Wednesday, May 20, 2020

How Long Should We Keep Bribing People Not to Work?

Shannon Stapleton/Reuters
A $600 boost to unemployment benefits was a clumsy solution to a stupid problem, and it cannot continue once we reopen.
Three Republican senators raised an alarm in late March: Congress’s multi-trillion-dollar coronavirus bill would boost unemployment benefits by $600 a week — such a large amount that many people would make more if they were laid off than they would if they continued working.
It turned out there was a stupid, embarrassing backstory behind this provision. States administer unemployment benefits using antiquated computer systems, and they couldn’t process a new benefit formula that was even mildly complicated. If lawmakers wanted to hike unemployment benefits during the worst part of the crisis — a time when government policy was deliberately idling much of the work force — they had to pick a flat amount to add to the existing benefits, and $600 was chosen because it would make the average unemployment benefit equal to the average wage.
Sometimes you have to make the best of a bad situation, and this was the solution that presented itself. But these benefits expire at the end of July, Congress has to decide what comes next, and the bill the Democratic House passed would extend these payments until next January. That is a terrible idea, and the Republican-led Senate needs to figure out something better.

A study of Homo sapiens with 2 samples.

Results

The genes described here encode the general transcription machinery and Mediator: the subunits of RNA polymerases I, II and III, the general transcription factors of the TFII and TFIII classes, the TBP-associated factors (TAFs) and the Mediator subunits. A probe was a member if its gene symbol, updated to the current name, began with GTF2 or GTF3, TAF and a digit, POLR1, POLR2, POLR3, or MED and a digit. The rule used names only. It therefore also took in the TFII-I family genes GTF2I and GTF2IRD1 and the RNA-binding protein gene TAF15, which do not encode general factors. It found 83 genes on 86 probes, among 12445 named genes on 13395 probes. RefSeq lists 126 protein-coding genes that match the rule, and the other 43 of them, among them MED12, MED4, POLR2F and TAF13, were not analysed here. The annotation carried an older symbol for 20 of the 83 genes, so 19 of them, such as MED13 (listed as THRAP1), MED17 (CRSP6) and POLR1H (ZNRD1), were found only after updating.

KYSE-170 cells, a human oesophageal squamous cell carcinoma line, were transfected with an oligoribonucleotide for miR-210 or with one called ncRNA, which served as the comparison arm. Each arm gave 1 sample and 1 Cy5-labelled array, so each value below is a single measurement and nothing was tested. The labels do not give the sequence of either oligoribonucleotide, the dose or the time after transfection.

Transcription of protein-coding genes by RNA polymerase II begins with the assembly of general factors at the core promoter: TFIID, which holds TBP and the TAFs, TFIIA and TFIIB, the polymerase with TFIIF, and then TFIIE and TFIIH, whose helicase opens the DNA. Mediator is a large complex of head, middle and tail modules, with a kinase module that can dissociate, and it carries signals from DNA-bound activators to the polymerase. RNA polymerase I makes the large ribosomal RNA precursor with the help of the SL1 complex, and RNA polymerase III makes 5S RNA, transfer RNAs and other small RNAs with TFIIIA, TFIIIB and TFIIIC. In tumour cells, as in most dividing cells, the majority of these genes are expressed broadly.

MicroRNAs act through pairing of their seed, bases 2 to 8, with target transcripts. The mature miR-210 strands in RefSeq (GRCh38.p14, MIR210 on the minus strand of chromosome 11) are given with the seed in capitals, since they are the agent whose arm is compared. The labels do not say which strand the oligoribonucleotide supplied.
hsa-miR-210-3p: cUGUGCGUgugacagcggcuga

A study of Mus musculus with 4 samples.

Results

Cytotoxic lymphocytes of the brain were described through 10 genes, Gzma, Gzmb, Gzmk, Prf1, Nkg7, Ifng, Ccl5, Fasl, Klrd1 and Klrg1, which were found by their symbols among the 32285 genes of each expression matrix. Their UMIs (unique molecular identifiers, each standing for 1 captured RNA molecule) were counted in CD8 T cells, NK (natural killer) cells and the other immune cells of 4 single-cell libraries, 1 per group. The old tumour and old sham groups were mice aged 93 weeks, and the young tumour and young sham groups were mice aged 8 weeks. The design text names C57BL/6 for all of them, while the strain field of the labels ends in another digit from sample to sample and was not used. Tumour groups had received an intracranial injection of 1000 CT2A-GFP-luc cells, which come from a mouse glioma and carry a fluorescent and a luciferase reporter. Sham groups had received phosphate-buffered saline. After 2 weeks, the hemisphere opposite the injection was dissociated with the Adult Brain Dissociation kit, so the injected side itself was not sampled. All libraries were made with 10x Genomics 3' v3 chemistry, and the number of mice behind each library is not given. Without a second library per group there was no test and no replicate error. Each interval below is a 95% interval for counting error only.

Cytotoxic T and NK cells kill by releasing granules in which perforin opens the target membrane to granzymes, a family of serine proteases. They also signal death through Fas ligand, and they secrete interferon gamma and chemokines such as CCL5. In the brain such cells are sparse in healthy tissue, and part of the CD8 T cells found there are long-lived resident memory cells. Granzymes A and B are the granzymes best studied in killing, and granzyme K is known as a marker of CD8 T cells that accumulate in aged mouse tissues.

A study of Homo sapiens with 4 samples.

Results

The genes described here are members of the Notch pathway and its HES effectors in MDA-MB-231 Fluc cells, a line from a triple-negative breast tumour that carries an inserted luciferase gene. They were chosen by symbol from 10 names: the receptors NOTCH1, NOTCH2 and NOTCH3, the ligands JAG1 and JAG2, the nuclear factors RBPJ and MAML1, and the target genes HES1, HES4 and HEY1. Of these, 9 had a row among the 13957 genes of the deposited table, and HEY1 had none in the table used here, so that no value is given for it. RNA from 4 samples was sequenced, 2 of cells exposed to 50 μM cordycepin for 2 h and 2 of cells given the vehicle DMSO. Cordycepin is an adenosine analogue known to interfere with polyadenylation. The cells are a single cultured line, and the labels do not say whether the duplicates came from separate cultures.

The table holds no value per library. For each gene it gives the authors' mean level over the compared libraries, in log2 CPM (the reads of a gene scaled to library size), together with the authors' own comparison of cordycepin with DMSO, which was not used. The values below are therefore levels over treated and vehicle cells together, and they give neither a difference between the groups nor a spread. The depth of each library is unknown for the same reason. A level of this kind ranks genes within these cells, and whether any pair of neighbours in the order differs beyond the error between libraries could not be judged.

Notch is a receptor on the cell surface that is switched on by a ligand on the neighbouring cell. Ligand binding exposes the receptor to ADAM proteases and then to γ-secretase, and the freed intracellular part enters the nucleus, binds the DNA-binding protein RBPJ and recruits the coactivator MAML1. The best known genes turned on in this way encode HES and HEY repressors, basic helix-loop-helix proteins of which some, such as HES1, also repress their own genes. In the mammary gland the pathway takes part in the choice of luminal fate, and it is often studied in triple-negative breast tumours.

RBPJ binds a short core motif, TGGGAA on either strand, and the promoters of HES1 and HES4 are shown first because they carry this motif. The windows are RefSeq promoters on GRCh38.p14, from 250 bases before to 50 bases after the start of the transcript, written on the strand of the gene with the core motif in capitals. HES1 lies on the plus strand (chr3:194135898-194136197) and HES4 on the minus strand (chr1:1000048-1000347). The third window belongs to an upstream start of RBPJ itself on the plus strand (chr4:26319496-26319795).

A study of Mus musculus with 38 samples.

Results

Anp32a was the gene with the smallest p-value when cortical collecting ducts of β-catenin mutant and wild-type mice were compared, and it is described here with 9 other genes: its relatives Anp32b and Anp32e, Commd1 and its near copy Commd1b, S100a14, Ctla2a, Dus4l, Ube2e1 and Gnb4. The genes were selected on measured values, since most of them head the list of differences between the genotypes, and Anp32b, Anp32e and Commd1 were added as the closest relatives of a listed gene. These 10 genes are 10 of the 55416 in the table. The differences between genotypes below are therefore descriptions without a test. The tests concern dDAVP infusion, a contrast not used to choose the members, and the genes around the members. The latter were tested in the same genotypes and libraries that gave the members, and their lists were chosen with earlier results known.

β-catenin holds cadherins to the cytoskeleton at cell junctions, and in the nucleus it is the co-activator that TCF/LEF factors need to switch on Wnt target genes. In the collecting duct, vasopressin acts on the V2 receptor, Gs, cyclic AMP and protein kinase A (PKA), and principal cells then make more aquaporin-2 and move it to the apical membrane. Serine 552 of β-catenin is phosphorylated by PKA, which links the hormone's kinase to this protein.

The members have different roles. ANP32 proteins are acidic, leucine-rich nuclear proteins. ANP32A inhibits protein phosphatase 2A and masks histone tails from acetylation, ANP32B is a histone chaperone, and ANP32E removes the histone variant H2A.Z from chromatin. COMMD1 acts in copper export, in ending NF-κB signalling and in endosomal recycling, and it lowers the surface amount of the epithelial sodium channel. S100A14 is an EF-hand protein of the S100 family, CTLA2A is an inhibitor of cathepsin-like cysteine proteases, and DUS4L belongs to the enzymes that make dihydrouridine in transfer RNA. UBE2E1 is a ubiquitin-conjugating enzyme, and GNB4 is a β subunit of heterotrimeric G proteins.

As a new paper from three economists at the University of Chicago demonstrates, the $600 boost fails to help workers in an equitable fashion and creates terrible incentives. It would be a poor fit for our coming circumstances, in which states are reopening and the economy should gradually improve. If, in this next phase, we want to keep the unemployment system a bit more generous than it usually is, we will have to either make the boost smaller or force states to implement a formula that actually makes sense.
WHY WORK? I'm earning more now
The list of problems the paper uncovers is staggering. The $600 benefit makes unemployment insurance more remunerative than work for two-thirds of eligible workers. The median worker can get 134 percent of what he earned before. (If you’re wondering how this can happen when the average payout is set to equal the average wage, it boils down to the difference between a median and a mean; see the discussion on the report’s first page.)
Read the rest from Robert VerBruggen HERE.